Support for LAist comes from
We Explain L.A.
Stay Connected

Share This

Housing and Homelessness

New Complaint Says State Missteps — Including Bad Translations — Block Access To CA Pandemic Rent Relief

A person holds a handwritten sign on a poster board that reads: # Eviction Free L.A.
Renters and housing advocates attend a protest to cancel rent and avoid evictions amid Coronavirus pandemic last August in L.A.
AFP via Getty Images)
Before you
Dear reader, we're asking you to help us keep local news available for all. Your tax-deductible financial support keeps our stories free to read, instead of hidden behind paywalls. We believe when reliable local reporting is widely available, the entire community benefits. Thank you for investing in your neighborhood.

While hundreds of thousands of California households fell behind on rent during the pandemic, a state rent relief program has delivered assistance to only several thousand so far. Housing advocates have filed a complaint with the state, saying at least one reason for the low numbers should be clear: lack of access.

They say barriers for tenants with limited English skills, and tenants with disabilities, are contributing to the slower-than-expected pace of getting funds to the people who need them.

To receive funds, applicants log onto the portal run by the state’s housing department — a challenge for those with vision and mobility issues. While online applications are available in Asian languages, they have been translated from English using Google Translate, which can be unreliable.

For example, the Chinese translation for the “return” button read as “Go back to your country applicant.”

Support for LAist comes from
 Screenshot of erroneous translation on a website by Google Translate telling applicants for rental assistance to "Go back to your country applicant"
Screenshot of erroneous translation by Google Translate
( Courtesy of Asian Law Caucus)

Housing advocates in San Francisco flagged the error in the spring for the Department of Housing and Community Development, which updated the English-language button, resulting in a more accurate translation, according to Asian Law Caucus spokesperson Niketa Kumar.

Those are exactly the kind of problems that lead people to, at best, think the system is broken, and at worst, think that this program is not going to assist them and walk away before it's done.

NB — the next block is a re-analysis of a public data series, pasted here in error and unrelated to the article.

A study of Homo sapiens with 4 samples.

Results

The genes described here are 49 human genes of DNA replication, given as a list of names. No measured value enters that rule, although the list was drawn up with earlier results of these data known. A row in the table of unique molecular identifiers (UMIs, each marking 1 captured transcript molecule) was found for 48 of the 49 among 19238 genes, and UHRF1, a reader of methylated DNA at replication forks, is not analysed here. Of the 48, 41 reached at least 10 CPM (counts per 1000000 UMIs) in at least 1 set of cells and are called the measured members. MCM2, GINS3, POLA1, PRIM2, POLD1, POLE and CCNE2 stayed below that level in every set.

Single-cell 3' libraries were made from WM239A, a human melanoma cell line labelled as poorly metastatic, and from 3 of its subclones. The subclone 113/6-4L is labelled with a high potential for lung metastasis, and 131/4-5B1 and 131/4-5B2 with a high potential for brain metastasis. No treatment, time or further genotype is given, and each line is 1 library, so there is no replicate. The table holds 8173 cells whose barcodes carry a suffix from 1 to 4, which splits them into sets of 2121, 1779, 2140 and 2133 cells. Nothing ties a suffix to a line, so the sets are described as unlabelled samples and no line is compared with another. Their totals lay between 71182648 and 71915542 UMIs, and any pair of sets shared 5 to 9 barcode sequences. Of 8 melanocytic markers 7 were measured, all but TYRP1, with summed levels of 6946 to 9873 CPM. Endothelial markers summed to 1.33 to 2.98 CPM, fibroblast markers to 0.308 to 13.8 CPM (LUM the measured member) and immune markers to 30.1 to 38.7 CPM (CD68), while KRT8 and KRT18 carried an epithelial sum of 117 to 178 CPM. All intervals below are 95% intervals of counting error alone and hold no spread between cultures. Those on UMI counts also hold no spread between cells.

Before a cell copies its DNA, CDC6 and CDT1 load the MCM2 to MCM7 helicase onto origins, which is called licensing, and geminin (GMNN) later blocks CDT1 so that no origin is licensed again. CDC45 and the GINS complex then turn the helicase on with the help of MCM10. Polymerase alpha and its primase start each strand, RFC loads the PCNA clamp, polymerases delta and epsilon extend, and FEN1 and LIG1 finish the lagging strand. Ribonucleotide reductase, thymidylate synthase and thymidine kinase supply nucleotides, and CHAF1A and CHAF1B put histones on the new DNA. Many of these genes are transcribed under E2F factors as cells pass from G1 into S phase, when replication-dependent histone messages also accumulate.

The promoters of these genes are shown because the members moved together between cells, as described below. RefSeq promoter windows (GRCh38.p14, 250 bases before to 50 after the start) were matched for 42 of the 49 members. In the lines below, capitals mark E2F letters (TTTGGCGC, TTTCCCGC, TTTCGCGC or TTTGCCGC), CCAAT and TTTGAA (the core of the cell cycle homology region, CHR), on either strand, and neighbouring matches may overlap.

— Charles Evans, AAJA-LA

But Charles Evans, a supervising attorney with Asian Americans Advancing Justice in Los Angeles, said that the damage may have been done.

“Those are exactly the kind of problems that lead people to, at best, think the system is broken, and at worst, think that this program is not going to assist them and walk away before it's done,” Evans said.

Amy Zhao, who oversees social service programs at the Chinatown Service Center in Los Angeles, said she has been helping clients with limited English apply for state rental assistance. They assume that they can't navigate the site on their own.

"Everything's English first, Spanish second, and then everything comes after that," Zhao said.

AAAJ-LA and the Asian Americans Advancing Justice-Asian Law Caucus are among the civil rights groups calling on the state's Department of Fair Employment and Housing to investigate language and disability access issues at the housing department and to require fixes.

A May snapshot of applicant demographics showed that 82% of applicants listed English as a primary language, followed by Spanish (13%). Chinese was a distant third at just under 2%.

The complainants — which also include L.A.-based Bet Tzedek Legal Services — say that the state has a responsibility to get the online materials professionally translated.

Support for LAist comes from

In another example of a Google Translate fail with an Asian language, a web page supposed to be titled "Renters" in Vietnamese came out as “Landlords,” according to the complaint.

“These things need to either be translated by a person or at least be supervised by a person,” Evans of AAJA-LA said.

The groups say the state must also make the applications available in printable form and ensure phone assistance and the ability to apply over the phone.

Zhao of the Chinatown Service Center said many of those she is helping apply for rental assistance are over 60 and do not have desktop computers or Internet access at home and would not be able to fill out a rental relief application on their smartphones. Disability advocates cite similar concerns for their clients.

The state's Department of Fair Employment and Housing had no comment; a department representative said the complaint was an open matter. The state’s housing department did not respond to requests for comment.

Have a question about Southern California's Asian American communities?
Josie Huang reports on the intersection of being Asian and American and the impact of those growing communities in Southern California.